A Cat in Paris | Film | Pittsburgh | Pittsburgh City Paper

A Cat in Paris

In this animated tale, a sly cat helps perpetrate — and solve — crimes

Dino by night
Dino by night

Cats may rule the Internet these days, but they don't often get starring roles on the big screen. But it's a tabby that saves the day — and more — in A Cat in Paris, an animated kids' film from Jean-Loup Felicioli and Alain Gagnol (Mia and the Magoo).

The film, which was nominated for Best Animated Feature at last year's Academy Awards, is relatively short, at just over an hour, but offers a sweet, humorous story about a silent little girl named Zoe, her cat, a kind-hearted thief and some gangsters.

Dino the cat is Zoe's pet, but when night falls, this feline-with-two-lives slinks off to work with Nico (voice of Matthew Modine), an acrobatic jewel thief. Nico runs afoul of some gangsters, who are also in the sights of Zoe's mom, Jeanne (Marcia Gay Harden), a police detective. The gang leader captures Zoe, leaving Nico, Jeanne and Dino the cat to chase the gangsters around Paris, culminating in a breathless showdown high atop Notre Dame.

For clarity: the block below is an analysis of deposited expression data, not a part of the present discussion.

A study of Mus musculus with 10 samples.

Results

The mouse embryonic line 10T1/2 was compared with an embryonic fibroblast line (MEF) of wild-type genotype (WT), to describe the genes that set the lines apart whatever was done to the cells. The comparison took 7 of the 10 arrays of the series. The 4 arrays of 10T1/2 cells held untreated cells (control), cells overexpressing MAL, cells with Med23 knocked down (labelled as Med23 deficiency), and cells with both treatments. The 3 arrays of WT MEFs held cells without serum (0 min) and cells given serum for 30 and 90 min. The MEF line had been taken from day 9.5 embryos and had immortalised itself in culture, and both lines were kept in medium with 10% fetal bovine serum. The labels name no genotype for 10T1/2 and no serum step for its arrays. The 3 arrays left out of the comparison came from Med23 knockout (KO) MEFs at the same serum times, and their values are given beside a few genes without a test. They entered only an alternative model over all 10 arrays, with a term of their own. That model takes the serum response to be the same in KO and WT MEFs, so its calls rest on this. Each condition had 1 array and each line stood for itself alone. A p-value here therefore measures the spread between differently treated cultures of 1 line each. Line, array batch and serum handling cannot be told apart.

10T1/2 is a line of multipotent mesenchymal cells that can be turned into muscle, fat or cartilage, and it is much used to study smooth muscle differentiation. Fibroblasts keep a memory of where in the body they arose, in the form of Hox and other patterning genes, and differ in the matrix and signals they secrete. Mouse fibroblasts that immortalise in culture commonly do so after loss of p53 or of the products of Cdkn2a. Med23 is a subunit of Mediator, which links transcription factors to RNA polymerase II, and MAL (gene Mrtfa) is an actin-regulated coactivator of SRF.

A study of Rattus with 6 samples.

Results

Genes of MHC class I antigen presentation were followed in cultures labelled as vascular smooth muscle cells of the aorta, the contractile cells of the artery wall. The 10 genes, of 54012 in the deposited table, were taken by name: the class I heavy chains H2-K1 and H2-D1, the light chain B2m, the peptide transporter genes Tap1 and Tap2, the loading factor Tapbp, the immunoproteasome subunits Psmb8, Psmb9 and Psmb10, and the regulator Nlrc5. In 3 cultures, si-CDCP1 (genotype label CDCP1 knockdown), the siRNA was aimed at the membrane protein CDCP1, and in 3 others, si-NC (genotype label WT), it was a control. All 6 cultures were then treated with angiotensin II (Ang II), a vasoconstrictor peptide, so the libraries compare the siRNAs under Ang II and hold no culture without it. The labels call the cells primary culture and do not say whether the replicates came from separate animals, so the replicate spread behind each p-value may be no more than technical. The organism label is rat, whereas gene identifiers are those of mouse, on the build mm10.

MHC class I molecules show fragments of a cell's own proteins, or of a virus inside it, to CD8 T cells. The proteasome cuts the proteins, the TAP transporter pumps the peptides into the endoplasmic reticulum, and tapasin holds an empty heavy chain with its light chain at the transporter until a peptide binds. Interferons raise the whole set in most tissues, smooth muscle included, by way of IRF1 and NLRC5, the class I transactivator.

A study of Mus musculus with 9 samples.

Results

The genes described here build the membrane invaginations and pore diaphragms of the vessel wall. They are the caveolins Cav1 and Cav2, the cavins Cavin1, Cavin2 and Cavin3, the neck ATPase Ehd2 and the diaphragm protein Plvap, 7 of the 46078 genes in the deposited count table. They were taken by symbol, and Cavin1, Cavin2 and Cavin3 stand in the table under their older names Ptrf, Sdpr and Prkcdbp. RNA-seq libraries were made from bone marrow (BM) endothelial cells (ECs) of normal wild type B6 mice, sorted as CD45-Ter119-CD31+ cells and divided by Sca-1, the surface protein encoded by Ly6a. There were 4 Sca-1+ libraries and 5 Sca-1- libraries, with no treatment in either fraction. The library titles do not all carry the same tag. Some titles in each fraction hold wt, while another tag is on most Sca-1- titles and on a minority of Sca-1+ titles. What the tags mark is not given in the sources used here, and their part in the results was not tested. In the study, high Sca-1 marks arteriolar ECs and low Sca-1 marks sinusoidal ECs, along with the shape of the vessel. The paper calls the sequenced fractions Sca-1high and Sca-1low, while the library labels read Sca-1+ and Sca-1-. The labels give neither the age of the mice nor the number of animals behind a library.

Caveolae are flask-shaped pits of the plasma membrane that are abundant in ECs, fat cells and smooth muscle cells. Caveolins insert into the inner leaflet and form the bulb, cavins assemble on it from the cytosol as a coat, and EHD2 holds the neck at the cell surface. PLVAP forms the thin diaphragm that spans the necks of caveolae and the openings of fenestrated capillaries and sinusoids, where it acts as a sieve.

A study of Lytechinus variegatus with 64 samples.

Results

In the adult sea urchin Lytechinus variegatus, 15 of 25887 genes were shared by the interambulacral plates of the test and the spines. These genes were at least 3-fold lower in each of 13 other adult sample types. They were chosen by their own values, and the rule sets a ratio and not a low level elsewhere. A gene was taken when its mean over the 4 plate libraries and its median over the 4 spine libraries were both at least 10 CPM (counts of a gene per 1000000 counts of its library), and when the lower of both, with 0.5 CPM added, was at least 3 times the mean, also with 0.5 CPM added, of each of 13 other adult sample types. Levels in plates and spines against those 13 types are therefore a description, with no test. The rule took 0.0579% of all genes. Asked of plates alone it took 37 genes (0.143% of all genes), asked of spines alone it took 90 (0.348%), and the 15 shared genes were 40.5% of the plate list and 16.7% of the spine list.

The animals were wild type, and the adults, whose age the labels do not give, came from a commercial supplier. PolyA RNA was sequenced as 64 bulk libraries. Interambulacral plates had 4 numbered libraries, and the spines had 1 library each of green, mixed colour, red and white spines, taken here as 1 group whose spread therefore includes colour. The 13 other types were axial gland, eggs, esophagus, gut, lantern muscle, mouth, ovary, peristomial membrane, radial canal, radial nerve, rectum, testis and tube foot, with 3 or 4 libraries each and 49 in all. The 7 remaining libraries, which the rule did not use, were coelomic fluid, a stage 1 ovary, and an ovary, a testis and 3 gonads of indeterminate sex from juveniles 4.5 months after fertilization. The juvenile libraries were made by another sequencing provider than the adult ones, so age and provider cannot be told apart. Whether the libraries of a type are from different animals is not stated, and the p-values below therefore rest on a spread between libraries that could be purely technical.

The hand-drawn animation is charming, with lots of shadowy cut-outs doubling for Paris by night. The human characters are quirkily rendered, with flat, angular faces. But despite the two-dimensional nature of the protagonists, the filmmakers effectively deliver the graceful fluidity one expects from both cats and cat burglars.

The story is primarily for the younger set, but adults will appreciate the film's vaguely cubist aesthetic and its soundtrack (with Billie Holiday and Django Reinhardt), as well as the film's homage to various cinematic crime capers.